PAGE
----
Hi, everyone. I am delighted to post a personal history story from Israel! I am putting it first in the English translation, and then in the original language, Hebrew. Please scroll down to see this version, and forgive me for the imperfections in the formating of the Hebrew version-- the site is not used to it and it is fighting me tooth and claw. The story is generously given to us by Nurit Henig.
Nurit was born in Tel Aviv, and was raised in a neighborhood that represented a microcosm of Israeli society in all its complexity. She served in the Israeli Air Force, and then went to the University of Tel Aviv for a degree in literature and theatre studies. After completing her studies, she acted on the stage of the Ohel Theater, one of the first theaters to be founded in Israel, and stayed with it until Ohel was closed a couple of years later. At this point, Nurit started working for the distinguished Israeli Educational Television as a director of children’s programming. Later she
advanced to the position of a producer and an editor. During this time, Nurit enhanced her education by attending the highly regarded Sam Spiegel Film and Television School in Jerusalem where she studied scriptwriting.
By Nurit Henig
In the morning, when Yuda’le was informed that his mother’s condition deteriorated and he must prepare himself for the worst, he became terrified of the thought that his life was about to be changed beyond recognition. Since his retirement, he spent every day with his aging mother at the Healing Home for the Elderly. He had no wife and children; he had abandoned his only hobby, repairing old radio sets, a long time ago. Staying with his mother the entire day saved him from the need – to live.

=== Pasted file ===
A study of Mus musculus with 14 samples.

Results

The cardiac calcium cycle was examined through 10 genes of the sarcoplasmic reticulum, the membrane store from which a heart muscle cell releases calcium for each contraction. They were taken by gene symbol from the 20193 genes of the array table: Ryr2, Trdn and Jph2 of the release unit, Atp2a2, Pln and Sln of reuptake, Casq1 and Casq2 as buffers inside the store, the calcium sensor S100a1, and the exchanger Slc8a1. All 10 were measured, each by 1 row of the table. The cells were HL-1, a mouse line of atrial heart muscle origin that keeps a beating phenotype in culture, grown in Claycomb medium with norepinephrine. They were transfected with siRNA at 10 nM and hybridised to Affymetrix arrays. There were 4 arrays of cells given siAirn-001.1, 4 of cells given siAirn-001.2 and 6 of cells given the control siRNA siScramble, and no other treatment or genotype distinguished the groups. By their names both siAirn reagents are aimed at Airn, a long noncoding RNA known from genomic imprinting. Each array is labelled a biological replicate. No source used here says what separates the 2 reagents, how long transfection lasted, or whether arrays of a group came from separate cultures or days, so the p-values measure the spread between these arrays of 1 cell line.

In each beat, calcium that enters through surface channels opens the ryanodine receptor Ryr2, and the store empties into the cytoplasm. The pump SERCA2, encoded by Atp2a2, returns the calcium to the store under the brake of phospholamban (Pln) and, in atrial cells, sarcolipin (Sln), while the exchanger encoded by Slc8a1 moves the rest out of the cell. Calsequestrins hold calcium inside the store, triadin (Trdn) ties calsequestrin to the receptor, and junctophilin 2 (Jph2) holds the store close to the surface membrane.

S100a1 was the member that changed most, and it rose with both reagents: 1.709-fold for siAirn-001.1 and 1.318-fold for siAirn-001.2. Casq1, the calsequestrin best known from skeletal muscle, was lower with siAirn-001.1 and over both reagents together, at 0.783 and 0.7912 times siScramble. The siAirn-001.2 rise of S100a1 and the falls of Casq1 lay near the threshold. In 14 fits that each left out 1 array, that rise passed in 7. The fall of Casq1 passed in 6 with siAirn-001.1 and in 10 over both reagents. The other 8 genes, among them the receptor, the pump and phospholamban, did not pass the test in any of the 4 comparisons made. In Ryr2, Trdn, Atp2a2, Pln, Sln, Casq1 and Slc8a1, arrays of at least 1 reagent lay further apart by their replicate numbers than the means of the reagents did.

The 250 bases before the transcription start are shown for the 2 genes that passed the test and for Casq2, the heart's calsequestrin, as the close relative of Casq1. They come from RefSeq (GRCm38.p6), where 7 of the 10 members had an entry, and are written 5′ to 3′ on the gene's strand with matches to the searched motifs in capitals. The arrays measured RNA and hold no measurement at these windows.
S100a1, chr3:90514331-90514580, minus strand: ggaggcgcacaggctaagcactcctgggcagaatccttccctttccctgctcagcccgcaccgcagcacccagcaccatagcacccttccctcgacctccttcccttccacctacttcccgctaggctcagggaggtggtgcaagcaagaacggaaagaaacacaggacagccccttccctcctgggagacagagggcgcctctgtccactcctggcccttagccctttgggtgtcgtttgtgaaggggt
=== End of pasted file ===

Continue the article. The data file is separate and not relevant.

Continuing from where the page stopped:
Following retirement, after settling his mother at the home for the elderly, Yuda’le could have reorganized his life as he wished. For the first time, their small, crowded apartment was his alone, and he could do with it, and with his life, anything he could think of. However he could not clarify to himself what he actually fancied. His old friends either played with their grandchildren or passed away. The television supplied him with the news once a day; for more than that he found no time. He did not go to weddings; only to funerals of his few friends which he did not dare to miss.
Some things take longer than expected, but finally I do have good news on the personal histories front. I have received a fantastic personal history story from a wonderful writer in Israel. I am currently translating it into English, and it will soon be put on the site. I am hoping to place it in the original Hebrew as well as in English, because the language the author has used is beautiful and I don’t want it lost to us; I am sure some of the readers of this site speak and read Hebrew, too. I will present the author’s name and a short biography when I place the story on the site, and I hope to see many comments – since I would love to receive more of her beautiful work, and your comments may persuade her to send it!